Approximately 350 million people worldwide have some form of arthritis, a group of conditions that typically cause pain and swelling in joints. While many claims have been made about the effectiveness of alternative arthritis treatments for relieving joint tenderness, two in particular appear to show promise.
Acupuncture has been used in some parts of the world to relieve joint pain for more than 5,000 years. It is a treatment in which ultra-thin needles are inserted into specific points of the body, triggering energy flow (or qi) to promote healing. While many people worry about the treatment's potential for discomfort, insertion by skilled practitioners usually proves painless.
Sometimes, practitioners use a technique called moxibustion, in which the tip of the inserted needle is wrapped in an herbal mixture called moxa. Made from mugwort, a small spongy herb, the moxa is ignited to generate heat to the acupuncture point and speed healing in the body.
Research on acupuncture for pain and joint tenderness has shown good results, making it one of the most promising alternative arthritis treatments.
- Research published in the American Journal of Chinese Medicine looked at 204 patients with chronic pain. Following treatment with acupuncture, 74 percent of the patients experienced significant relief for more than three months.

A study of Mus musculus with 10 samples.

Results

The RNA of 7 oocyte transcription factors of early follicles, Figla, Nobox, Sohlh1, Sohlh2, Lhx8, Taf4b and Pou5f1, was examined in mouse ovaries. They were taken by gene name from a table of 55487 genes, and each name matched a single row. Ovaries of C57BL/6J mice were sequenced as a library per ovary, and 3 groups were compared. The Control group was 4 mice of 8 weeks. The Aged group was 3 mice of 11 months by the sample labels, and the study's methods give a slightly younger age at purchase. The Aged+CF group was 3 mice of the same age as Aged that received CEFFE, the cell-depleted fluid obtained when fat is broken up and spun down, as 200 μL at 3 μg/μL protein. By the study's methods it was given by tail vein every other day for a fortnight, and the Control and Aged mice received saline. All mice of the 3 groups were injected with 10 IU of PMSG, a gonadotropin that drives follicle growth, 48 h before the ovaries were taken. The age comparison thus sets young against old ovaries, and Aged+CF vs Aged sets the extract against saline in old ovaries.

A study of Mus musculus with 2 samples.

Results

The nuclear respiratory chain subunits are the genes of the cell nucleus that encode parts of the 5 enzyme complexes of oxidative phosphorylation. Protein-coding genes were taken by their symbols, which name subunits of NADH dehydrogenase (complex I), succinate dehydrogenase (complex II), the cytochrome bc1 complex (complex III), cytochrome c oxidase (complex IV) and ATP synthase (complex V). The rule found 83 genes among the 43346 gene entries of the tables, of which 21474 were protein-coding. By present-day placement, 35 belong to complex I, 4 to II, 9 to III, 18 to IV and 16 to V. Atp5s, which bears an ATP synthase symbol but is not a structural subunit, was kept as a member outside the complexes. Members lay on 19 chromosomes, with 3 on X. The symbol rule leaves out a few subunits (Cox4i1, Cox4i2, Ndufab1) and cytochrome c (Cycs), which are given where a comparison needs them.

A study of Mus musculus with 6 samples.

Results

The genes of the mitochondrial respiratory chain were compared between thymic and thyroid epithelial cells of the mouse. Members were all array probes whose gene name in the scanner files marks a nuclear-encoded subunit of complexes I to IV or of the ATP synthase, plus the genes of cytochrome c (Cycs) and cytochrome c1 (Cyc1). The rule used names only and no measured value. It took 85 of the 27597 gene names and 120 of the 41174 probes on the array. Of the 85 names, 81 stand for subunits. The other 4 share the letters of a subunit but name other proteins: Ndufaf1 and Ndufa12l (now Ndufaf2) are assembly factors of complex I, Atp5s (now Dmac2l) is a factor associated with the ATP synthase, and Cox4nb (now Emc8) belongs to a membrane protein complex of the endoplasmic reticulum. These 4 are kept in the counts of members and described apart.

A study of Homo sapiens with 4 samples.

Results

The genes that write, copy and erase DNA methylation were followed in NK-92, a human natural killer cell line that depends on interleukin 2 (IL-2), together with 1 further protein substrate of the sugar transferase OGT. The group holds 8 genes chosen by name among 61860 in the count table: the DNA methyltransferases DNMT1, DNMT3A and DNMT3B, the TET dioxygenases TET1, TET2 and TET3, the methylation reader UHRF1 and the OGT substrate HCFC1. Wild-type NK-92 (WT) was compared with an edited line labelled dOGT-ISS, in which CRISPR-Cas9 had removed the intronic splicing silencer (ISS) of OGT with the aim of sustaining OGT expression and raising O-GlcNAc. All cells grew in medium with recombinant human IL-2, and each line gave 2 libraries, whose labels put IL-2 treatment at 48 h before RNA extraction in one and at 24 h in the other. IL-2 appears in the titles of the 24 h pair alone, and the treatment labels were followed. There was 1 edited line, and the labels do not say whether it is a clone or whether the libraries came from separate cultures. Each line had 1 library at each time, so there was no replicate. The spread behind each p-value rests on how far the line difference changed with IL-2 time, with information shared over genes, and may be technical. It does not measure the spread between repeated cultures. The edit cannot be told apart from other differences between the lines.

- A study from China showed that 20 sessions of traditional acupuncture or electro-acupuncture (sending pulsating electrical currents through the needles) reduced joint tenderness in people with rheumatoid arthritis.
- A German study examining 304,674 people with osteoarthritis of the knee showed that those who received 15 sessions of acupuncture in combination with standard care experienced less pain and stiffness than people receiving standard care alone. Results lasted for three months after the acupuncture treatment.
Many people take advantage of massage to relieve anxiety and soothe sore muscles, but according to research, it also makes for one of the better alternative arthritis treatments for relieving pain.
A study in 2006 examined 68 adults with osteoarthritis of the knee. Researchers found that people who received two sessions of Swedish massage for eight weeks reported less pain and stiffness and better range of motion than people who did not partake in massage. Another study in 2006 examined 22 adults with arthritis of the hand or wrist. Participants received four weekly therapeutic massages and were educated how to self-massage tender joints at home. All experienced reduced pain and anxiety and better grip strength as evidenced by pre-therapy and post-therapy testing.
With a pill for nearly every medical condition, often accompanied by unwanted side effects, many people are turning to alternative methods of treatment. Offering promising results in scientific studies, acupuncture and massage give people with arthritis an alternative to NSAID pain relievers or stronger oral medicine for the relief of joint tenderness.